Hollie McNish

Live – Hollie McNish

Taylor Edmonds was at the Wales Millennium Centre in Cardiff to see Ted Hughes Prize-winning performance poet Hollie McNish.

An evening with Hollie McNish at her sold-out show at Wales Millennium Centre’s Ffresh, supported by Clare Potter, consisted of poems about boobs, strange turn-ons, motherhood and granny’s, along with many belly laughs.

McNish started by reminisced about her first Cardiff gig, at Womanby Street’s Moon Club, which was attended by drunken members of a parent’s club. Cardiff was happy to have her back, as the audience were completely captivated by both performers. McNish read poems spanning her collections, taking the audience on an intimate journey from adolescence through to motherhood. She often paused between lines to comment on or explain a piece, breaking down the barriers between performer and audience, which encouraged a relaxed and intimate atmosphere.

Launching into her poem ‘Embarrassed’, which is based on being forced to resort to breastfeeding her daughter in public loos, McNish criticised a society that is made uncomfortable by women breastfeeding ‘In a country of billboards covered in tits.’ Her poems celebrate womanhood in a way that is uncensored, without shying away from the ‘ugly’ parts, and their relatability is apparent in the reaction of her audience, as there are many all-too-knowing nods and laughs in response. McNish turns the ordinary things about sex and womanhood that people only discuss with hushed voices and turns them into bold, matter-of-fact poems that demand the attention of the room. A success story of the slam and spoken word scenes, McNish is a natural behind the mic. Her poems, frank and un-filtered, need to be heard aloud to be truly experienced.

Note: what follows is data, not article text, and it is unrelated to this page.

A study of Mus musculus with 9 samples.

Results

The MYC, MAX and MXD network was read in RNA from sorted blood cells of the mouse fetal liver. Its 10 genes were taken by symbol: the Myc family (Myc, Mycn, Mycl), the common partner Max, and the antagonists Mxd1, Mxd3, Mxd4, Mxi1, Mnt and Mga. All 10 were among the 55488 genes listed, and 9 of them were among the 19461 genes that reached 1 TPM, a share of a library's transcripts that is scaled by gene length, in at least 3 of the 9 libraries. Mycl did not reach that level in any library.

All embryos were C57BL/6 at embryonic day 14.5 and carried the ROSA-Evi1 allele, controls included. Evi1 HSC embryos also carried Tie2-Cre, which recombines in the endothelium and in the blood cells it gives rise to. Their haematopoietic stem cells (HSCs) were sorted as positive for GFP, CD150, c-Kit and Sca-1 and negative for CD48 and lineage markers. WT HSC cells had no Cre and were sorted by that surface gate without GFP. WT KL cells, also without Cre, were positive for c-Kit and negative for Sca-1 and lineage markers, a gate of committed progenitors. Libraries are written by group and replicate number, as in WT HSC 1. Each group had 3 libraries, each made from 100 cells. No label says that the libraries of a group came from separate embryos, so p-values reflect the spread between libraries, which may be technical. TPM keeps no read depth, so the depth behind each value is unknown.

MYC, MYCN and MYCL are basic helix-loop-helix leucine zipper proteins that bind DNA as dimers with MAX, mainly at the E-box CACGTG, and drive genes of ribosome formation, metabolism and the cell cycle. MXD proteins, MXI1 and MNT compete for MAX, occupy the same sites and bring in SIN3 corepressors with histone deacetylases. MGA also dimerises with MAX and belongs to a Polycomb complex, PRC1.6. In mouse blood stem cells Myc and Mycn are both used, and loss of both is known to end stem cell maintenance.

Clare Potter’s support set was intimate and personal, exploring similar themes of motherhood, family and the female experience. She treated the audience to new and in-progress carefully crafted poems that were playful with rhythm and sound, many rooted in her Welsh upbringing. A particular highlight was her final poem ‘Still’, a tender and nostalgic piece about her grandmother’s house and garden. Both performers held a warm stage presence—shy, humble and willing to be open—which enabled them to really connect with the audience.

The topics of McNish’s poems vary, often taking inspiration from her everyday experiences; from chats with her gran about the legalisation of gay sex to her doctor telling her she was ‘ready to have sex again’ after giving birth. Some highlights of her set were ‘Bricks’, a poem about her pregnancy turn-ons of bricks and ice, ‘Breast’ about sharing her body with her partner and daughter post-birth, and ‘Magic Show’ which explores the orgy fantasies that she indulged in when bored at children’s birthday parties.

McNish’s style is simplistic, no-fluff-around-the-edges, rhyming poetry that clearly appeals to a contemporary audience. Honesty and accessibility are at the core of this movement, which allows poets to connect with a wider audience via social media and video platforms. This style has come under fire by critics concerned with craft and linguistics, such as a PN review which hit out at Hollie and her style, which she rightfully responded to in detail on her website. As consumers of poetry expand, this kind of accessible, uncomplicated and relatable poetry is what thrives. Hollie McNish addressed this head on when introducing her poems, which were often squeezed in between being a mum. The power of her poems is evident in the way she makes the women in the room feel empowered, the reactions of her audience when she spouts off all of the different names for a vagina and tells of the time she slept in the hallway to avoid sex with her partner. Poets like McNish challenge the ideology that poetry is only for the elite, and are testament to the fact that poetry has room for everyone. Go and see her for laughs, education, or even a hen do, and you’re guaranteed to be won over by her charm and honesty.